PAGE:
Opinion: Cool heads are needed as South African drought panic sets in


By Janse Rabie, head of natural resources at South African farming organization Agri SA

Unfolding Crisis

The current drought gripping the south-western parts of South Africa started as far back as the end of the 2015 summer when the rains expected to fall during the 2016 and 2017 winter seasons did not arrive. This situation has been exacerbated by the fact that at the same time, the demand for water in the Western Cape Province increased because of fairly rapid economic and population growth.

Together with the effects of climate change, the province’s water resources are under significant pressure and a very real possibility exists that urban as well as rural communities will run out of water by March 2018, if not sooner.

As the largest user of water (incidentally not only in South Africa but globally too), the agricultural sector is an obvious and easy target for of those taking part in the blame game.

Forgotten is the fact that the Western Cape is probably South Africa’s most important export province in terms of agricultural products, or that the food-processing sector represents some 25% of the overall manufacturing sector output of South Africa.

Also forgotten is that agriculture and agro-processing are responsible for 18% of employment opportunities in the province and that agri-tourism in the Western Cape is a significant generator of foreign and locally-derived revenue.

As the current drought crisis worsens, panic begins to set in and an already fractured and polarised society (the unfortunate hallmarks of South Africa and the Western Cape region) goes to war with itself.

Accusations begin to fly and fingers get pointed - somebody needs to be blamed and somebody needs to pay. Half-truths and blatant lies are peddled in the press and on social media as if de rigueur. Political infighting and opportunism are the order of the day.

It is feared that the worst is yet to come for the Western Cape Province. Late summer here is normally blisteringly hot and windy, and a very real threat exists of veld fires sweeping the province and compounding the existing drought crisis.

All the warning signs indicate imminent disaster. In this time, cool heads are needed to avert a catastrophe realizing in the Western Cape.

Surprising ally?

As the first order of business for the New Year, on 4 January 2018, Agri SA was invited to a bi-lateral meeting with the Minister of Water and Sanitation, Ms Nomvula Mokonyane, to discuss the drought crisis in the Western Cape.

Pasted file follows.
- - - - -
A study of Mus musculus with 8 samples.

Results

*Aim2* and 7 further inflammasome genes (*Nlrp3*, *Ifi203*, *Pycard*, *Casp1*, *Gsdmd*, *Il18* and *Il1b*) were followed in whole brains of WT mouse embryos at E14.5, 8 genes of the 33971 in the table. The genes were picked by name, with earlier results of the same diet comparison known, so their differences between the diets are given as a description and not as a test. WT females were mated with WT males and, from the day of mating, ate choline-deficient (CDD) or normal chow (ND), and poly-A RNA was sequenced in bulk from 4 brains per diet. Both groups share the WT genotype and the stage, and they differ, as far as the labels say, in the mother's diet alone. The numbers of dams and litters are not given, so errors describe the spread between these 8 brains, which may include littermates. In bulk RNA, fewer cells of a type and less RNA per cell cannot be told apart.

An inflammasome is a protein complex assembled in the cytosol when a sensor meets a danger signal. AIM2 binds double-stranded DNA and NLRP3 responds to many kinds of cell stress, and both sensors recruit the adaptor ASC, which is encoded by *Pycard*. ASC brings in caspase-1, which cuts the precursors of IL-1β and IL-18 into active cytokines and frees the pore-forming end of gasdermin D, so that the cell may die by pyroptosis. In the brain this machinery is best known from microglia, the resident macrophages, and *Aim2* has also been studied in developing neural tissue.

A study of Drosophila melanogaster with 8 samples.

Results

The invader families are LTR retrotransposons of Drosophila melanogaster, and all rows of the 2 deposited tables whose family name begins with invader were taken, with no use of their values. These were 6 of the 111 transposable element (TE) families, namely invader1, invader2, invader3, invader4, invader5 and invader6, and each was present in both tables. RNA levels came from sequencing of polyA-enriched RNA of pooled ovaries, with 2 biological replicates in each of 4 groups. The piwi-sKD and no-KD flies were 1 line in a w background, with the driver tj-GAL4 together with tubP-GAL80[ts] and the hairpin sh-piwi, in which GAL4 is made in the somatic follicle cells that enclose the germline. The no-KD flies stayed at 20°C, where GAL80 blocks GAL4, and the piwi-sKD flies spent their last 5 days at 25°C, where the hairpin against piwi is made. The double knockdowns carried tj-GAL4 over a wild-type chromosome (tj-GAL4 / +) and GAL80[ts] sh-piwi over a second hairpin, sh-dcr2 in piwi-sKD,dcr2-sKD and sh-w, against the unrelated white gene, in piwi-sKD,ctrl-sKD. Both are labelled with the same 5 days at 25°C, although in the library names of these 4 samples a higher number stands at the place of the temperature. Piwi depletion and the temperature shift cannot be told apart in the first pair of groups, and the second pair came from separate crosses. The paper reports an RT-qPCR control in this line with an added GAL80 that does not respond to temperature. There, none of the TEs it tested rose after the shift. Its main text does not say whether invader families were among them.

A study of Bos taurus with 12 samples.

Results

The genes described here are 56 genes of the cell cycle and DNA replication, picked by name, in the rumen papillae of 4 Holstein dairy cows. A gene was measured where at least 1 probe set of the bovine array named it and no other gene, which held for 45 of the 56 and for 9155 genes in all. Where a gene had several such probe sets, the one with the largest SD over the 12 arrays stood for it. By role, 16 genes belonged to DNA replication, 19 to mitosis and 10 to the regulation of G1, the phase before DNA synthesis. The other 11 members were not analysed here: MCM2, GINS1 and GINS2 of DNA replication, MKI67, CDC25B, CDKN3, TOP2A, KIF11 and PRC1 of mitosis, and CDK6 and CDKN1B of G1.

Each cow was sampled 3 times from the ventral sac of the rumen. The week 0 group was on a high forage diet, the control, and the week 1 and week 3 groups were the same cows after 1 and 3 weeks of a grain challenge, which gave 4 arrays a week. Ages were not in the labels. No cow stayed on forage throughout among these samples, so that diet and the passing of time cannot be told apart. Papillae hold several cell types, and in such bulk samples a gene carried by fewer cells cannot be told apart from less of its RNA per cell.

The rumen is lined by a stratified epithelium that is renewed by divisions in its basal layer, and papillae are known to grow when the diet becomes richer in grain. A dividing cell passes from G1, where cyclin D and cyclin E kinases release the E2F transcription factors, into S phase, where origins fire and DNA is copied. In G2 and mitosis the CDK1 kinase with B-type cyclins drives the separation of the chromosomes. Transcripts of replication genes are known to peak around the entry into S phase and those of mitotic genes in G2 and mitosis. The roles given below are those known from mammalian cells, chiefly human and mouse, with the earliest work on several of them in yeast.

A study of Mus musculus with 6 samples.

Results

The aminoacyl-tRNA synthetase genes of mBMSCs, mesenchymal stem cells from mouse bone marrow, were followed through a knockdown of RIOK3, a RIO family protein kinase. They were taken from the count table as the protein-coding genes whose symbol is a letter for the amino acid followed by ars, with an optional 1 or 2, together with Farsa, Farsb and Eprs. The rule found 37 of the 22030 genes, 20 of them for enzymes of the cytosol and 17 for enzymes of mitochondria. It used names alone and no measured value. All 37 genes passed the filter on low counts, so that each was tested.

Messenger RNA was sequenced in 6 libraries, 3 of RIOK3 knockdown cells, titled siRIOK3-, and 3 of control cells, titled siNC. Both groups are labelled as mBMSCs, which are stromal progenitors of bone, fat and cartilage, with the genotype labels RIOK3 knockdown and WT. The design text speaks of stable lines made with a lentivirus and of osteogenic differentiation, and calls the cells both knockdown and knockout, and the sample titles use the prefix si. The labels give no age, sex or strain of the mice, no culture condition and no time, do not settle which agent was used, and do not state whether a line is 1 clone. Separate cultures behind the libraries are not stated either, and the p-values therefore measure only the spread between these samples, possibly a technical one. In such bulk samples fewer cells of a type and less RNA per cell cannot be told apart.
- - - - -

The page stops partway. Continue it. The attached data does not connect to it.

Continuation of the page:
All preconceptions that may have existed before the meeting were swept aside when the Minister acknowledged the fundamental importance of the agricultural sector in South Africa and affirmed her view that Agri SA and Government were allies in dealing with the prevailing drought crisis in the Western Cape Province.

Certain hard realities had to be addressed, including the need for improved water use management and the fact that, in certain identified areas, farmers are undeniably known to be abstracting and using water unlawfully and to the detriment of their neighbors and the Province as a whole. Severe compliance and enforcement action against perpetrators will have to be expected – fair warning has been issued! *

While the discussions were led by well-prepared and informed presentations by the delegation of high-level officials from the Department who attended the meeting, what impressed most was the calm and purposeful way in which the Minister conveyed her appreciation for the severity of the impending drought crisis in the Western Cape and here willingness to listen and reach out to Agri SA and the agricultural
sector in this time.

At the outset of 2018, the situation in the Western Cape is heading into a critical phase and conditions are feared to deteriorate even further as the late summer heat-conditions are set to persist.

While the sense of panic and desperation deepens as the realities of this present drought are being felt by farmers and city-dwellers alike, Agri SA has (while setting aside all other differences for the time being) found in Minister Nomvula Mokonyane and her officials capable and cool-headed leaders to support and to be emulated by others.

Agri SA looks forward to working together with the Department of Water and Sanitation and, in particular, Minister Nomvula Mokonyane, in dealing with the effects of the persistent drought ravaging the Western Cape Province and adjacent areas at this time.

(*Agri SA has consistently maintained its view that where farmers use water unlawfully, they do so at the expense of the agricultural community as a whole. As an organisation Agri SA will not defend the indefensible and strongly condemns the unlawful abstraction, storage and use of water by all persons.)